The Icahn School of Medicine at Mount Sinai has developed a unique Climate Change Curriculum Infusion Project (CCCIP) designed to incorporate information on climate health into an existing undergraduate preclinical curriculum.
Background: The Climate Change Curriculum Infusion Project (CCCIP) at the Icahn School of Medicine at Mount Sinai aims to incorporate climate change content into preclinical medical education using an infusion model. Climate change is considered a major threat and opportunity to health in the 21st century, and medical schools are seeking effective ways to teach relevant climate change competencies in an already crowded medical curriculum.
Objective: The objective of the Climate Change Curriculum Infusion Project (CCCIP) at the Icahn School of Medicine at Mount Sinai (ISMMS) is to incorporate climate change content into preclinical medical education using an infusion model. The aim of this study is to describe the CCCIP and summarise the results of two phases of evaluation that assessed student perceptions and visibility of the CCCIP curriculum three years after its inception.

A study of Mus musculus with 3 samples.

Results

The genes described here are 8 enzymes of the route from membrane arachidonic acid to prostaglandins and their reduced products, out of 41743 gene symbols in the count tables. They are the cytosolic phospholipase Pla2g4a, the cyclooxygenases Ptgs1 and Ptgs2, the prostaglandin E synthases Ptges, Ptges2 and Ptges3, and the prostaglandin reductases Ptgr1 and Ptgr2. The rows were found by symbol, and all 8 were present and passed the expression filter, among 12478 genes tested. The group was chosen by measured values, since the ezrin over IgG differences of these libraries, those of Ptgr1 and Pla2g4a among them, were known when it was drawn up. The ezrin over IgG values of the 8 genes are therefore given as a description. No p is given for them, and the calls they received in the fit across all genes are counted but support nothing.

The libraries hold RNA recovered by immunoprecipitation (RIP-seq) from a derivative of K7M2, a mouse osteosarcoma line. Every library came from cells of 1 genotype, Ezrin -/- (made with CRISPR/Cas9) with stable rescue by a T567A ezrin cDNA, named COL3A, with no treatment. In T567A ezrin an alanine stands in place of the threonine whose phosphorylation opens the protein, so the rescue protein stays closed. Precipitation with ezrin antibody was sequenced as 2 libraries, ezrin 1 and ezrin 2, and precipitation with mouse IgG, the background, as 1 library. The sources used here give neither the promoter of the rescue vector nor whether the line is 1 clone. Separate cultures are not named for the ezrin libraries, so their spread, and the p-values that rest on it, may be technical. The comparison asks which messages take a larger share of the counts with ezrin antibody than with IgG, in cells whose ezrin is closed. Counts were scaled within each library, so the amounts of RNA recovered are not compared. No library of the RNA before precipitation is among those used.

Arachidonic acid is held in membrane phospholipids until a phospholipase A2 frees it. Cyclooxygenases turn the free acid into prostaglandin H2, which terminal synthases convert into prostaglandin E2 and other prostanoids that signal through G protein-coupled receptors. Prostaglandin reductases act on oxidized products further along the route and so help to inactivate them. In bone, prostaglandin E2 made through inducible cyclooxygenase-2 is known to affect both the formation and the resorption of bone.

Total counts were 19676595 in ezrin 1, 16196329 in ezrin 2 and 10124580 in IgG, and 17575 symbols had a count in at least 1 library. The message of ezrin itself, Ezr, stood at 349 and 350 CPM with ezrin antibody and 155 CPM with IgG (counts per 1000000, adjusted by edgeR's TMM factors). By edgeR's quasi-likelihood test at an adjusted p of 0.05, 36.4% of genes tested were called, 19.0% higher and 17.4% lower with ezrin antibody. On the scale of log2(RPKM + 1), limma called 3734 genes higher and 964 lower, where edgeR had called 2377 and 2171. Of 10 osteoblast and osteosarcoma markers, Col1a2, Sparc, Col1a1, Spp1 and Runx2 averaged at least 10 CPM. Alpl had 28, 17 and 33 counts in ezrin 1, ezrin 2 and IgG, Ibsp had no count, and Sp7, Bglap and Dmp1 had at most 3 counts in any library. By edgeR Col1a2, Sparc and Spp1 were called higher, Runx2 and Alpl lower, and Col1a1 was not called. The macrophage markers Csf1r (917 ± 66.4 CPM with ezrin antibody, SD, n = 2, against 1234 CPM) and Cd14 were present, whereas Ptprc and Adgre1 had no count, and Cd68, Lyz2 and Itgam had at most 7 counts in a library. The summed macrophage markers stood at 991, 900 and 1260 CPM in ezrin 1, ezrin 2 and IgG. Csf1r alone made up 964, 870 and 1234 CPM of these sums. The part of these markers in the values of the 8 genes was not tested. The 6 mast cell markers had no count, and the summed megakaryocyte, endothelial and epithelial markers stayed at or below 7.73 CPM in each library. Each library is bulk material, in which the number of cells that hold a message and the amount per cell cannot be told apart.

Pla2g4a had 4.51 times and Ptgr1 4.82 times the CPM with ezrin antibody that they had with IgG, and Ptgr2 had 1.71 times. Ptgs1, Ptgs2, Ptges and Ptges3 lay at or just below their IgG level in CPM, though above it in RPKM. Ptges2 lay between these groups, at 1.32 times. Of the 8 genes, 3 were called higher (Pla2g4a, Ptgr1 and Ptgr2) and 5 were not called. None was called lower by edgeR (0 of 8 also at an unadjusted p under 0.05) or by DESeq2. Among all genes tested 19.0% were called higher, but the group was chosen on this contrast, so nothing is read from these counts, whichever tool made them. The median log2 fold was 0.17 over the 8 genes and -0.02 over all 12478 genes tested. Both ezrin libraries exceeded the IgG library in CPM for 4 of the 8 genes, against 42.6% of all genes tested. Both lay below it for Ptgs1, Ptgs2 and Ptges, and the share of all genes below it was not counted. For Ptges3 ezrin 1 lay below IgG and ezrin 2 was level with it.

Methods: CCCIP content was mapped to medical and climate and health competencies. Content was designed in conjunction with institutional staff and faculty. Data was collected in two phases (Summer 2018, Autumn 2020) utilising anonymous, online surveys distributed to medical students who had participated in at least one year of the CCCIP curriculum.
Results: The CCCIP integrates climate change and health content (30+ slides across 6 courses) with minimal disruption (<1-hour total content) to the existing preclinical curriculum. The majority of students agreed or strongly agreed that the CCCIP infusion content was appropriate for the class (88%), was effectively organised (82%), gave them a deeper insight into the topic (77%), and helped them to better understand the links between climate change and health (88%). However, a majority of students remembered climate-related content poorly throughout their first (78%) and second year (83%), and 62% felt that climate-related curriculum content at ISMMS did not meet their expectations.
Conclusion: The CCCIP demonstrates a feasible preliminary approach to integrating climate content into medical preclinical education. Students largely understand the value of climate change material and are open to its inclusion in the preclinical curriculum. However, curricular enhancements are needed to meet project goals in terms of curricular visibility and effectiveness. The evaluation is limited by a small response rate and possible bias in survey respondents. The CCCIP plans to use successes at other institutions to guide adjustments for the next iteration of the curriculum and assess the utility of these strategies in future studies.